Surprises that Himachal & Uttarakhand offer : The Tribune India

Surprises that Himachal & Uttarakhand offer

Looking for a holistic experience at quaint little hamlets in the hills? Drive to these offbeat destinations

Surprises that Himachal & Uttarakhand offer

The golden-hued Buddha statue in Langza. Photos by the writer

Purnima Sharma

IF looking for an off-the-beaten-track getaway in the Kumaon hills, Satoli could well be the balm for the city-frayed nerves. This little hill town in Uttarakhand, nearly 50 km from Nainital (and Mukteshwar), will charm with its beautiful vistas, rain-soaked lush valleys, dense pine and oak forests, and clouds rolling in and out of the valley.

On way to Thanedar.

A sturdy pair of walking shoes and a large umbrella, which can double up as a walking stick, are enough to get one going in this year-round destination.

Visitors can relish the many attractions that Satoli and nearby areas offer. A short drive, or even a leisurely stroll, will take one to Kosi river, about 6 km away. The beautiful Dhokaney waterfalls, about two hours from here, are among the relatively less-explored areas of Kumaon. The 350-year-old Shiva temple in Mukteshwar offers spectacular views of the rugged terrain. Close to the temple is the historic Chauli ki Jali that villagers say is frequented by childless couples.

Journey to Satoli, along the Kosi river.

Up in the land of gods

Those looking for a date with the high altitudes of Spiti valley in Himachal Pradesh can head for the relatively unexplored tiny hamlet of Langza, which is one of the world’s highest villages accessible through a motorable road. From verdant green mountains to barren peaks and cold desert terrains, the drive towards the upper reaches unveils a variety of landscapes.

With a population of barely 170, this ‘land of the gods’ lies at a height of 14,300 feet, close to a peak called Cho Cho Kang Nilda, which the locals believe emanates light both during the day as well as at night.

One can take a halt at Kaza, the sub-divisional headquarters of Spiti valley, which is known for Sakya Tangyud Monastery. From here, it will take another 14 km to reach Langza, where the jagged, saw-edged peaks suddenly seem to make way for a breathtakingly beautiful plateau. The piece de resistance is a huge golden-hued Buddha statue near a 500-year-old temple, visible from a long distance. White-and-red painted mud-houses, decorated with multi-hued prayer flags, will take one to the homestay.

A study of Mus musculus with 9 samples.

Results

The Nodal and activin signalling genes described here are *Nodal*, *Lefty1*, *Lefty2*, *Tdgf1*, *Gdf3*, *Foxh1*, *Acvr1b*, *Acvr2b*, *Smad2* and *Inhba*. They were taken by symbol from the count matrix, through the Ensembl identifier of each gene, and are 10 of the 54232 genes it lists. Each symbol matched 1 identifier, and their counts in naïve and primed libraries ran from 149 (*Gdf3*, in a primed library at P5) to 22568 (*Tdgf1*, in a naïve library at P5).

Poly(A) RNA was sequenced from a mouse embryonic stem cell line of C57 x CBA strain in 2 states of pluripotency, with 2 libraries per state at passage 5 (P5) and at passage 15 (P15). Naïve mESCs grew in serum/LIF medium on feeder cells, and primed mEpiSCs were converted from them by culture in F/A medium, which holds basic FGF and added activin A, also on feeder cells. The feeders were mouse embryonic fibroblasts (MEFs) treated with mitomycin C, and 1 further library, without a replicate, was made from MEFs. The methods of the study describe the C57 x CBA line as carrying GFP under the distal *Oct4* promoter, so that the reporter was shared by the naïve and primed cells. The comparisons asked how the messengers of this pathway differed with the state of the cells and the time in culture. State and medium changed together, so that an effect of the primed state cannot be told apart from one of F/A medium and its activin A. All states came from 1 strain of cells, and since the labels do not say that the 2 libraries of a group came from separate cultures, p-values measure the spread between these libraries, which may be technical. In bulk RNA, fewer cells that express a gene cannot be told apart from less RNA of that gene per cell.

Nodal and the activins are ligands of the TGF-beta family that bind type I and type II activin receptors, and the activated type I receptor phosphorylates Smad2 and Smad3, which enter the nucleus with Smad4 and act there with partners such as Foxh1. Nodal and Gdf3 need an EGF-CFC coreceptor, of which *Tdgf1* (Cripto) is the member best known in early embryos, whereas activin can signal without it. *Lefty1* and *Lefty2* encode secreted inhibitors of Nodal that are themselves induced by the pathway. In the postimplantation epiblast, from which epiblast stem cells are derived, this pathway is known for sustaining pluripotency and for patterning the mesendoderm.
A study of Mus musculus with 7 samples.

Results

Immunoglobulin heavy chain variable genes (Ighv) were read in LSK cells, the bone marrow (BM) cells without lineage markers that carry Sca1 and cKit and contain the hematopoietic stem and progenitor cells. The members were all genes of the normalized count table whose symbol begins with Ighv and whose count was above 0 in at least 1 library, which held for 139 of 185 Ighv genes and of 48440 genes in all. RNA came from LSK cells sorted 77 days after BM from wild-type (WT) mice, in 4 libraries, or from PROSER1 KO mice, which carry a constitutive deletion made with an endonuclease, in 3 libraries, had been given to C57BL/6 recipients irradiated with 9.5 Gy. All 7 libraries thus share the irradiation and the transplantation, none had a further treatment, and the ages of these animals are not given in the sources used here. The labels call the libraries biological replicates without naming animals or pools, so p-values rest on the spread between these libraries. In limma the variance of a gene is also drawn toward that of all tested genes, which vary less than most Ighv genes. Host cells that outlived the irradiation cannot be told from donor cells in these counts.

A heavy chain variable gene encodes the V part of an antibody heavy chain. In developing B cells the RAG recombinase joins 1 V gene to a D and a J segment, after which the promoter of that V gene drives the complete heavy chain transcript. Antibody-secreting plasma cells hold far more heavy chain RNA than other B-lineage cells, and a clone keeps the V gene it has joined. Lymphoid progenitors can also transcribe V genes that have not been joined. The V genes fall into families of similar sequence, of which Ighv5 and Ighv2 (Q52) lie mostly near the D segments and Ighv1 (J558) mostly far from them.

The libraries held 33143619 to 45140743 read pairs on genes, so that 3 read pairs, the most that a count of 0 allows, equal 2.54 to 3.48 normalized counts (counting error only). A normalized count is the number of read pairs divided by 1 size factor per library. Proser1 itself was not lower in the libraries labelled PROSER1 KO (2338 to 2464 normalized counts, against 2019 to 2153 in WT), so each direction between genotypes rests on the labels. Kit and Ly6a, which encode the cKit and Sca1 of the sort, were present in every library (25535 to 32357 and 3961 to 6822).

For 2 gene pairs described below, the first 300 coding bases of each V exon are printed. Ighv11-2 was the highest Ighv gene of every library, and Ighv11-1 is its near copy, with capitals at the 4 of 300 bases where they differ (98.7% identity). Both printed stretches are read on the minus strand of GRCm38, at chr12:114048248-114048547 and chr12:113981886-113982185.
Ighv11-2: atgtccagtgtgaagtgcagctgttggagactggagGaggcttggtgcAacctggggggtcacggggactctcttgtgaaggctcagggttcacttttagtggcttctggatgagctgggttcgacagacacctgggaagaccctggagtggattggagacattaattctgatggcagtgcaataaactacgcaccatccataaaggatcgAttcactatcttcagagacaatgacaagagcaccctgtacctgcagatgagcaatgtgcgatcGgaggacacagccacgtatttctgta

A major attraction here is the Fossil Park, which is said to have the remains of creatures from the prehistoric Tethys sea. Children here might offer ‘chaudua’ (fossils), for a price, of course. But carrying these is illegal. Early risers can see the mountain goats and yaks grazing, or might even catch a glimpse of the elusive snow leopard, if lucky.

One can take a short trip to another village nearby, Komic, which houses two monasteries and the world’s highest restaurant.

Not very far is Hikkim village, which boasts of the highest post office. The postal services here are still operational, although a tad slow.

Apple bowl of Kinnaur

A more than 15-km-long picture perfect drive from Narkanda, near Shimla, will take one to the quaint little town of Thanedar, also referred to as the ‘apple bowl of Kinnaur’. The hosts of the homestay are likely to regale the visitor with the tales of how the Red Delicious variety of apples became the mainstay of Thanedar.

It all began when a wealthy young American, Samuel Evans Stokes, who later took on the name Satyanand and participated in India’s freedom struggle, decided to make this place his home. Although he had brought the curtains down on his old way of life, Satyanand often craved for the apples that grew in his hometown Philadelphia. His mother mailed him saplings, which upon being planted in Thanedar took root as if they were indigenous to the region. Satyanand distributed the seeds and saplings to local farmers, and the rest, as they say, is history.

While there, take a walk in the Saroga forest, which will unveil the rich flora of the region. Another attraction is Hatu Peak, the highest point in the area, besides St Mary Church and the pretty Tani Jubbar lake.



How to reach It takes an eight-hour drive from Delhi to reach Satoli. Kathgodam, two-and-a-half hours away, is the nearest rail point. Taxis are available but it’s better to book these in advance.

FOOD Small dhabas offer the staple of the hills: tea and Maggi. Popular cafes like Satv café, Ek Satoli, etc, offer a variety of local dishes such as saag, bhang ki chutney, singori and muspani as well as sweets like baal mithai, singora and arsa.

SHOPPING Check out a variety of spices, handmade jams, chutneys, soaps and creams, etc.


HOW TO REACH It takes a road journey of about 12 hours from Chandigarh to reach Langza, which is located near Kaza, headquarters of Spiti.

FOOD Try out local specialities such as thenthuk, thukpa and momos, which are available in homestays. Indian, Tibetan and Chinese cuisine is also available.

SHOPPING Pick up Zama pottery, rugs, and cardigans made of fleece, wool, etc.


HOW TO REACH It lies 80 km from Shimla and 198 km from Chandigarh.

FOOD Small dhabas offer North Indian fare. Try out the apple jams and chutneys.

SHOPPING Take home the Red Delicious variety of apples.